I’m working from home today. This is not an especially unusual occurrence – I work from home for part of most days, though it’s more unusual for me to block out a full day to be at home.

Working from home, in my view, is a little like Marmite. You either love it or you hate it. And we’ll explore some of the rationale behind that in this blog post. But regardless of whether you’re a “WFH” fan or not, the fact remains that, with the rise of technology and the associated change it has brought to our working conditions, working from home is here to stay.

Extroverts v introverts

I am self-confessed extrovert (those who know me well will be not in the least surprised by this!), which is one of the reasons I’m not naturally drawn to working from home. I thrive when surrounded by a lot of activity and human interaction, and, unlike many I know, am able to completely block out distractions even in the middle of the busiest office. For this reason, for me personally, the ability to interact face to face is incredibly important to me – and while technology is amazing, it can’t (yet!) replicate the intricacies of a face to face conversation.

However, in contrast to myself, society is also filled with introverts, who by their nature have a preference for working in quiet, private conditions. For introverts, home working is a blessing which allows them sanctity from the hustle and bustle of an open plan office, and enables them to focus without unwelcome distractions. As an extrovert, I have found Susan Cain’s book Quiet absolutely fascinating when it comes to better understanding the opposing traits of introverts.

Maximising the chance of success

And, the fact is, that even despite my extrovert tendencies and love of working in a busy office, I can’t deny that there are times when it can be invaluable. I blocked out today knowing that I had a number of key projects to complete. While I’m fortunate to be able to still focus even in the very noisiest of environments, I knew that I would undoubtedly maximise my chances of success if I removed the inevitable interruptions. In a thriving, friendly office, it is surprisingly just how many times someone just pops over to your desk, to ask a question or to request a meeting. I welcome such interactions, but over the course of the day they do add up. Working from home provides an opportunity to get your head down without these.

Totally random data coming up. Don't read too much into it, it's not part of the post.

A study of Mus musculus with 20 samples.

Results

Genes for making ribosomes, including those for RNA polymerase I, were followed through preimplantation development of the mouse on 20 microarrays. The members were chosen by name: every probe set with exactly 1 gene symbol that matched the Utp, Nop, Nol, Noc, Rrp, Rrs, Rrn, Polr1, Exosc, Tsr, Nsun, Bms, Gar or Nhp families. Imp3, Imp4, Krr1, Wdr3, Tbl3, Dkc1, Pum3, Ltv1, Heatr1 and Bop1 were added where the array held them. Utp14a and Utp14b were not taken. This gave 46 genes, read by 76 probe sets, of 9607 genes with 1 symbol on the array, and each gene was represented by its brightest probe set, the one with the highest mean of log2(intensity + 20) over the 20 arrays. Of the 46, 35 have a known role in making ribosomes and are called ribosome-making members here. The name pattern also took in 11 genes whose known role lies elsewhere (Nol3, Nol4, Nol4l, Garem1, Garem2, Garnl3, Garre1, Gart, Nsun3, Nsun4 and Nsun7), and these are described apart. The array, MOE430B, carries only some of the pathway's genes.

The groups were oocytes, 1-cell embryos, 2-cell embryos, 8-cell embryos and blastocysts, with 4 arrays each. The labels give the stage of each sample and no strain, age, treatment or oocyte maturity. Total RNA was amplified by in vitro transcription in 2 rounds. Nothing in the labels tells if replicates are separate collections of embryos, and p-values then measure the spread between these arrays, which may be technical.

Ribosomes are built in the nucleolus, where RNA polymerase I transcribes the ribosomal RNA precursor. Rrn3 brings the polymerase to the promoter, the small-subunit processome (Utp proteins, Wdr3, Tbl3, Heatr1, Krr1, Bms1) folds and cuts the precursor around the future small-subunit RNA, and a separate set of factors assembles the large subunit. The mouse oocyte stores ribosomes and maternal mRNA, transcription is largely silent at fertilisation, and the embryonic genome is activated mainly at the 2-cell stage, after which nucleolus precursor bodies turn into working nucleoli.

There are other benefits of home working too. For organisations who really embrace it as a way of life there is the inevitable knock on impact of lower overhead costs for office facilities; employees no longer have their commute each way eating into their day. But even when it’s done on more of an ad hoc basis, the benefits shouldn’t be underestimated.

If I’m not in the office, it gives my team the opportunity to step up and to run the day to day operations without me. Providing increased autonomy and responsibility for our people is something we should all always look to do more of. It gives me more time to think outside of those day to day operations, and focus on our forward strategy. And, as CPO, it’s also a very valuable opportunity to replicate those working conditions of our remote workers, and ensure that the home/office link and communications are as seamless as possible.

What are you afraid of?

And so, with all of this in mind, for those of you who are perhaps still reluctant to embrace the rise of home working, I would ask the question why. What is it that you are afraid of? It is of course true that not all roles can be carried out from home. It is also important to ensure a balance between remote working and that all important face to face communication. But, when managers tell me they couldn’t possibly permit home working, what I often find they really mean is that they don’t trust their employees. In other words, they don’t trust their employees to behave like adults, and do the work that they’re supposed to do, unless they have their line manager keeping a close eye on them.

If trust is an issue, then you need to address that. But don’t use that argument as a reason not to embrace a way of working which all of the studies actually show increases productivity, not suppresses it. Home working is here to stay, and organisations which turn their noses up at it will increasingly find themselves missing out in the war for talent.

Oh, and if you needed any further proof of the effectiveness of home working… without distractions, I got that blog post typed up in less than 15 minutes. Now that surely makes it worth consideration!